Google Chrome Hits 10.7%, Apple Safari Tops 6%

Google's Chrome Web browser topped 10.7 percent market share through January, up from 10 percent through December 2010. Safari grew as well, while IE 9 is performing better.

Google's Chrome Web browser continued to grow through the first month of 2011, reaching 10.7 percent market share through January, up from 10 percent through December 2010.

Researcher Net Applications also noted that Apple's Safari rose to 6.3 percent from 5.9 percent over the same period. This is perhaps indicative of record sales the computer maker posted for its iPad tablet and Mac computers for the holiday quarter, which ended Dec. 31.

Mozilla's Firefox lost a smidgen of share, dipping from 22.81 percent to 22.75 percent for the month. Microsoft's Internet Explorer meanwhile fell from 57 percent to 56 percent, largely from phasing out of the dated IE 6.

However, Net Applications also noted IE 8 gained 1.15 percent market share month to month and that IE 9's beta has been downloaded 23 million times, to reach 0.5 percent usage share worldwide.

Moreover, IE9 already holds a 1.83 percent share on the Windows 7 OS, Microsoft proudly noted on a corporate blog.

Chrome's growth continued to be the big story in the first month of 2011, as it's the only browser that appears to be regularly gaining market share.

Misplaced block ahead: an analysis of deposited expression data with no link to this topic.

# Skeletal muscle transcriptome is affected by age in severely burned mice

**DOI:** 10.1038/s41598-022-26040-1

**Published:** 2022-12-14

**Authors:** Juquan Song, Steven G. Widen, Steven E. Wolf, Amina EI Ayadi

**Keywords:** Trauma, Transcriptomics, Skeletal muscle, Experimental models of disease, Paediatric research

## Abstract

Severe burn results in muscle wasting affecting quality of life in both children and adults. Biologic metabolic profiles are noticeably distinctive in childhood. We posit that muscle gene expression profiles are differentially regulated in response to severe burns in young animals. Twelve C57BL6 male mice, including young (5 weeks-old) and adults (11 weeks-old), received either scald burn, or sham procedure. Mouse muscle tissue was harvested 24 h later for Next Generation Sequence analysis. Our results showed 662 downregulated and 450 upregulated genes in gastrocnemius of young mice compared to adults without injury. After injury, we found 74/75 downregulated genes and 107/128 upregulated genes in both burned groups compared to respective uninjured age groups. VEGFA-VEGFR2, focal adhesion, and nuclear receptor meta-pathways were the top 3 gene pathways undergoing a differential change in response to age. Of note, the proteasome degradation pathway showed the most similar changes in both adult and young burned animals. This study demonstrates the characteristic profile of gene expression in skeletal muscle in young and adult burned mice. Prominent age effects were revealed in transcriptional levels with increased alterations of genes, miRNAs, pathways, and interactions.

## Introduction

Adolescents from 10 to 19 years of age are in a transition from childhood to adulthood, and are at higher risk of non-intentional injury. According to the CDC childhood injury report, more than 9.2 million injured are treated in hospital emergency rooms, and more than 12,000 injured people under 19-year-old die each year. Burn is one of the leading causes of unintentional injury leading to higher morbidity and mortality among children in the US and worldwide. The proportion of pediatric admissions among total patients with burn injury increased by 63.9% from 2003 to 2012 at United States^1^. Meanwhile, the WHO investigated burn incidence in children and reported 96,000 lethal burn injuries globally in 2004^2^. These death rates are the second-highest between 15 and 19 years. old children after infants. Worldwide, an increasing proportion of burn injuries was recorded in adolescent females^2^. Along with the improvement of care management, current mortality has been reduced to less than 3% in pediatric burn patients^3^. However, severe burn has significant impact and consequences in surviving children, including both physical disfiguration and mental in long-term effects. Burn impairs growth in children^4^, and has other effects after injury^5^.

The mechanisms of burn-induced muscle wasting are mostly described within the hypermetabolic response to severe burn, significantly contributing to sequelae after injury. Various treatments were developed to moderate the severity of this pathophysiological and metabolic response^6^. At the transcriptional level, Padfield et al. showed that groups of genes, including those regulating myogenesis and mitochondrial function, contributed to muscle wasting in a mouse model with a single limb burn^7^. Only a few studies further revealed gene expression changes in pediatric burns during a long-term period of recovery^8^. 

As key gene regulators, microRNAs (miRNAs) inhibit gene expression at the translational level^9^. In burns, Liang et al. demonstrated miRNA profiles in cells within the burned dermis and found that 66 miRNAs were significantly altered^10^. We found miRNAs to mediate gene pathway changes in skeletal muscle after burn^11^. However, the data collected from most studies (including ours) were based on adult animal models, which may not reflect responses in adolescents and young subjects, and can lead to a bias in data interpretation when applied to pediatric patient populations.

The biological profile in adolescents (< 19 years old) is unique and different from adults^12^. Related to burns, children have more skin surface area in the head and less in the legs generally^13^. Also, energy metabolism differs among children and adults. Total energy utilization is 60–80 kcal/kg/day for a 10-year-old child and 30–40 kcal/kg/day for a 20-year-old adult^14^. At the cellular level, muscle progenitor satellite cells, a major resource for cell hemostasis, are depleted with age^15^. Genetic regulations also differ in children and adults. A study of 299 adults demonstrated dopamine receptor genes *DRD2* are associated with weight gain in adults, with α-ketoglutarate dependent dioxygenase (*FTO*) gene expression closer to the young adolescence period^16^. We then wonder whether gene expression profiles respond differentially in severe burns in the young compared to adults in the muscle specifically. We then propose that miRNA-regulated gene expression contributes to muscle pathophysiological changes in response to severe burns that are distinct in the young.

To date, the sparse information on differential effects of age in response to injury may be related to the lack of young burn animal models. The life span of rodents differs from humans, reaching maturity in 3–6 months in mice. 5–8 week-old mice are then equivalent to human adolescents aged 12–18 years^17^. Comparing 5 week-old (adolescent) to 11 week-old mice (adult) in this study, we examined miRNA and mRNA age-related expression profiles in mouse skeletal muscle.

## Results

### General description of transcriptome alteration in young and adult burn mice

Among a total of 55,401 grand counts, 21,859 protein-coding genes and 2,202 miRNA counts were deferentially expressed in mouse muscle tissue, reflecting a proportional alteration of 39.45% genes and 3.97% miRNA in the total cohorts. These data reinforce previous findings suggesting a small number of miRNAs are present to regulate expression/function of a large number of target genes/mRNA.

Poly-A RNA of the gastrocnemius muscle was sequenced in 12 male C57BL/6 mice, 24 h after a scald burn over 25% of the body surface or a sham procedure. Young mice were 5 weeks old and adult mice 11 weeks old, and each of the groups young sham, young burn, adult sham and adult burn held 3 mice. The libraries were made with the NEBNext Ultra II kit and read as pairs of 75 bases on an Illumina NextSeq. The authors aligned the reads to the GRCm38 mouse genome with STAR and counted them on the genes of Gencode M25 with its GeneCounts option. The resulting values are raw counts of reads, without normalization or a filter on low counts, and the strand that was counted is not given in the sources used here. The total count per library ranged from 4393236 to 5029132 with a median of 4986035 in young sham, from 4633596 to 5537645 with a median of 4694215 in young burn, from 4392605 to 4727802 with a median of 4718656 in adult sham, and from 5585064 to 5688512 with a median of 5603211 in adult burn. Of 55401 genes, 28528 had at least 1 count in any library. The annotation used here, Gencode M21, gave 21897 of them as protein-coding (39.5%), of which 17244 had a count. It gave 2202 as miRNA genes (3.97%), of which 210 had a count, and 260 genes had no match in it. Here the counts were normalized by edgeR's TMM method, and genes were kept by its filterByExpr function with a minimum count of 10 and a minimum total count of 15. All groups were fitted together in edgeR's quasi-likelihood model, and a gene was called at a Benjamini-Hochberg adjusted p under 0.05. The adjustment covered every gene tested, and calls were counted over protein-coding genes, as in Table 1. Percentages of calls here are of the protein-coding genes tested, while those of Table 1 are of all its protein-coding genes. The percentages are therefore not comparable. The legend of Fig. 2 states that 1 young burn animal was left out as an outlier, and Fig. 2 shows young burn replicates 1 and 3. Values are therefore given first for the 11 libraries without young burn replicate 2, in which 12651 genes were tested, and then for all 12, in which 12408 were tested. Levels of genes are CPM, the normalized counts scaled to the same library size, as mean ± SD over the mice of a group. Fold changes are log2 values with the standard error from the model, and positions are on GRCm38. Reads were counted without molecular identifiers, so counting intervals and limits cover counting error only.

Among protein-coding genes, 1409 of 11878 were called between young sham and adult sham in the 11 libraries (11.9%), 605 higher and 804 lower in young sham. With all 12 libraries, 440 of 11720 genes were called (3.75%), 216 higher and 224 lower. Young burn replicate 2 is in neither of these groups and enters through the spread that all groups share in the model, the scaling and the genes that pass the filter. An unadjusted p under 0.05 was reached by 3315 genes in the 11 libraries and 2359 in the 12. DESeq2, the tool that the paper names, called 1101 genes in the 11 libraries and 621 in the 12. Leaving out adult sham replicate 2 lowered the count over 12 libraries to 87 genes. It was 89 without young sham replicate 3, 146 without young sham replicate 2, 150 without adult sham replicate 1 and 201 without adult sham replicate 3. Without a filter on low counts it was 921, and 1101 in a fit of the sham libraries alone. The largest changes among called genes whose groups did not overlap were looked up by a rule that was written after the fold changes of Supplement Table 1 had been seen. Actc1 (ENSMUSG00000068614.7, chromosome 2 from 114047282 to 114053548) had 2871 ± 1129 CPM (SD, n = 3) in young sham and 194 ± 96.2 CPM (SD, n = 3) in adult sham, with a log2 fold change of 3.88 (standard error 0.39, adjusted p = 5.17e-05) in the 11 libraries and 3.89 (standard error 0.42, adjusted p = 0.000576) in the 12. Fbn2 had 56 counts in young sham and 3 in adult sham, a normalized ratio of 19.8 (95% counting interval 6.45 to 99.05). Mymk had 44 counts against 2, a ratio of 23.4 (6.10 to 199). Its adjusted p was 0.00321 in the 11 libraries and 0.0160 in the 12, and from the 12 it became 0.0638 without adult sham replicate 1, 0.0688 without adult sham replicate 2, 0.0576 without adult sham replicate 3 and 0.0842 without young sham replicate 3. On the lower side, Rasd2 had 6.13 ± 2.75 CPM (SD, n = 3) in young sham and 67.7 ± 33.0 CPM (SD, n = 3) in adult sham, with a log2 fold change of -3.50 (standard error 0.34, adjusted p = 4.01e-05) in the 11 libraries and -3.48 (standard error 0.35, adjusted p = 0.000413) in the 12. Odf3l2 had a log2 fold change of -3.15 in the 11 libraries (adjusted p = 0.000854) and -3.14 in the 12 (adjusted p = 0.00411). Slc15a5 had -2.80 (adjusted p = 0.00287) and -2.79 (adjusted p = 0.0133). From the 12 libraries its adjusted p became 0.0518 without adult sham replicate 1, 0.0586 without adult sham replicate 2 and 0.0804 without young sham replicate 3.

The browser finished 2010 just shy of the 10 percent mark, notching 9.98 percent of browser market share through December in a year where it started at 5.2 percent.

Chrome has grown considerably since its September 2008 launch without the benefit of an official platform on which to run. Google aims to get Chrome on notebooks running its new Chrome OS from Samsung, Acer and others by mid-2011.

Chrome OS is the search engine's Web-based or cloud OS and the base platform for the Chrome browser.

Google had hoped to get Chrome OS machines to the public for the 2010 holiday season. While the company failed in this regard, it did roll out the Cr-48 test notebook Dec. 7.

Google reportedly ordered 60,000 Cr-48s for consumers and business users to test, which could have helped Chrome's recent growth spurt.